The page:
IUCN National Committees – an important force in Europe

Yesterday evening at the IUCN World Conservation Congress, the representatives of most of the IUCN National Committees in Europe met for a discussion about the draft 2013-2016 IUCN Programme and business plan, and the way we can implement the plan together during the coming years.  Europe has 17 National Committees, and we had 11 National committees represented at our meeting.

IUCN Deputy Director General Poul Engberg-Pedersen had joined us, and gave more details about the thinking behind the four business lines (knowledge products, on-the-ground conservation, governance and policy and mobilising the Union), and we had an intense discussion about the relevance of these four approaches within the European context.

One of the challenges for the Regional Office is that Europe is not homogenous, and the other issue is that there are significant differences in the way National Committees operate.  National Committees in France, Netherlands and Spain are registered as legal entities, have permanent staff and have developed a programme of work.  Others are purely voluntary networks, and do not implement activities.  In some countries, the National Committee comprises only a handful of Members, while several countries in Europe have more than 30 Members.  Some National Committees have financial resources, in other countries there is no real budget for project implementation.  We talked about the value of having guidelines on the functioning of National Committees, but agreed that this would be too restrictive.  A toolbox with some examples of best cases would be more appropriate, and we agreed to work on this.

Some good examples were provided at the meeting how National Committees can bring new IUCN Members on board, how Secretariat and National Committees can work together on awareness raising and policy influence, and how Commissions and Members can work together.  But, there is clearly room for improvement, and it is especially important to involve relevant National Committees in the new, large, global flagship projects that IUCN is developing.  Improved communication is key, and both Kostas Makris, our membership liaison officer, and I will continue to give this priority.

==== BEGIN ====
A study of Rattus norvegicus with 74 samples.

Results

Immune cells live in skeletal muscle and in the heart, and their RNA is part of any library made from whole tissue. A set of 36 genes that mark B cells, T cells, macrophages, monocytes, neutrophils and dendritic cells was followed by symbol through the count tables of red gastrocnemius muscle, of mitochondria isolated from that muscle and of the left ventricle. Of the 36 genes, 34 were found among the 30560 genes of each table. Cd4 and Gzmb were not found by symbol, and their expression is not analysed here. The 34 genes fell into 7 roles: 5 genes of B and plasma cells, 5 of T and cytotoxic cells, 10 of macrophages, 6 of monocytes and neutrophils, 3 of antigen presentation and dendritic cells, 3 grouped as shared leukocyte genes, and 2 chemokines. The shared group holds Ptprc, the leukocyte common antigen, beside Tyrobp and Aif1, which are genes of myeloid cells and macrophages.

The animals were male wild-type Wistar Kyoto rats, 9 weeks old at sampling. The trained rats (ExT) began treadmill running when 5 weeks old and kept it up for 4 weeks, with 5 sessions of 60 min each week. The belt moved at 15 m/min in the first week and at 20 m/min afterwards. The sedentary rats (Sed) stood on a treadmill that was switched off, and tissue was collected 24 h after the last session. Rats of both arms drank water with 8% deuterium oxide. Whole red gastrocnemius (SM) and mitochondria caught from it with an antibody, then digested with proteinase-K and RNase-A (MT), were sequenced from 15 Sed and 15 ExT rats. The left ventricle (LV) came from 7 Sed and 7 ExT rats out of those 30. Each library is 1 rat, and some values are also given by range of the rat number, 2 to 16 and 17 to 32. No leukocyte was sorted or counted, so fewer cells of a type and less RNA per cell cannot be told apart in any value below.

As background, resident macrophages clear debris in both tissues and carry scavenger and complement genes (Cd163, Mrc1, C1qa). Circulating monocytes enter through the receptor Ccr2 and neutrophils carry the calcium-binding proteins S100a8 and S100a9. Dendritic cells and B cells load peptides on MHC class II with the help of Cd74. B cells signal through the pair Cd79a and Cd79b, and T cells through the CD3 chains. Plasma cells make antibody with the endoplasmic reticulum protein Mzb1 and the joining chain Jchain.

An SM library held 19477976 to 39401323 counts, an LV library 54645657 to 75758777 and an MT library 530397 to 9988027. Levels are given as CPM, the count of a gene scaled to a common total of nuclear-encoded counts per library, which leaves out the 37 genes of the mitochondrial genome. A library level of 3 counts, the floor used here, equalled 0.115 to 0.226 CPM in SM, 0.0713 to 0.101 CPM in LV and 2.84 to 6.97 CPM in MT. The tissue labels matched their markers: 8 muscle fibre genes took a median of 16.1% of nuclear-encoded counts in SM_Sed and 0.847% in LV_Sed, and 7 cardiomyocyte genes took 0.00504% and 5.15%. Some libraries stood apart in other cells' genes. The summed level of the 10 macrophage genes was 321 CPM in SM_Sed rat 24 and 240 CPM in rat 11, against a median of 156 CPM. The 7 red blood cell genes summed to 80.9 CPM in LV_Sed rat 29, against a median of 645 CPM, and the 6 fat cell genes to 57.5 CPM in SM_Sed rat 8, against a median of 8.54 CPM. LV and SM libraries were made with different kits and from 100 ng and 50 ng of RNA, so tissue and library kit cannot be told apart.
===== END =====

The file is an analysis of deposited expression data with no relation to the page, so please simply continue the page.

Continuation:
An issue for future discussion and further debate is how to better involve members of the IUCN Commissions in the work of National Committees.  The other question that will need further discussion is how to strengthen collaboration between National Committees.

We stressed the need to have more frequent meetings of National Committee representatives, and agreed that a workshop of all European National Committees in 2013 was a must.  This is something the Regional Office should organise and we will start the arrangements as soon as the Congress is over.  A request was also made to expand such a meeting to involve all IUCN National Committees around the world, and I agreed to take this up with our Constituency Support Group.

The National Committees in Europe are a major asset to the Union, and I am proud to be working with them.


3 thoughts on “IUCN National Committees – an important force in Europe

  1. The diversity in nature is mirrored by the different national committees of IUCN around the world. As in nature this provides an asset to IUCN, creating tailor made solutions to local and national environmental problems, strengthening national and international advocacy, enhancing our knowledge products and becoming a more attractive partner to NGOs, governments and companies. All we have to do is work together.

  2. Dear Hans, Thank you for sharing your summing up from yesterdays meeting. However I have a small remark to the summary and the implications of it. I just want to hight ligth that not all countires have National Committes so focal point should be invited to such meetings and being a part of the future European structure.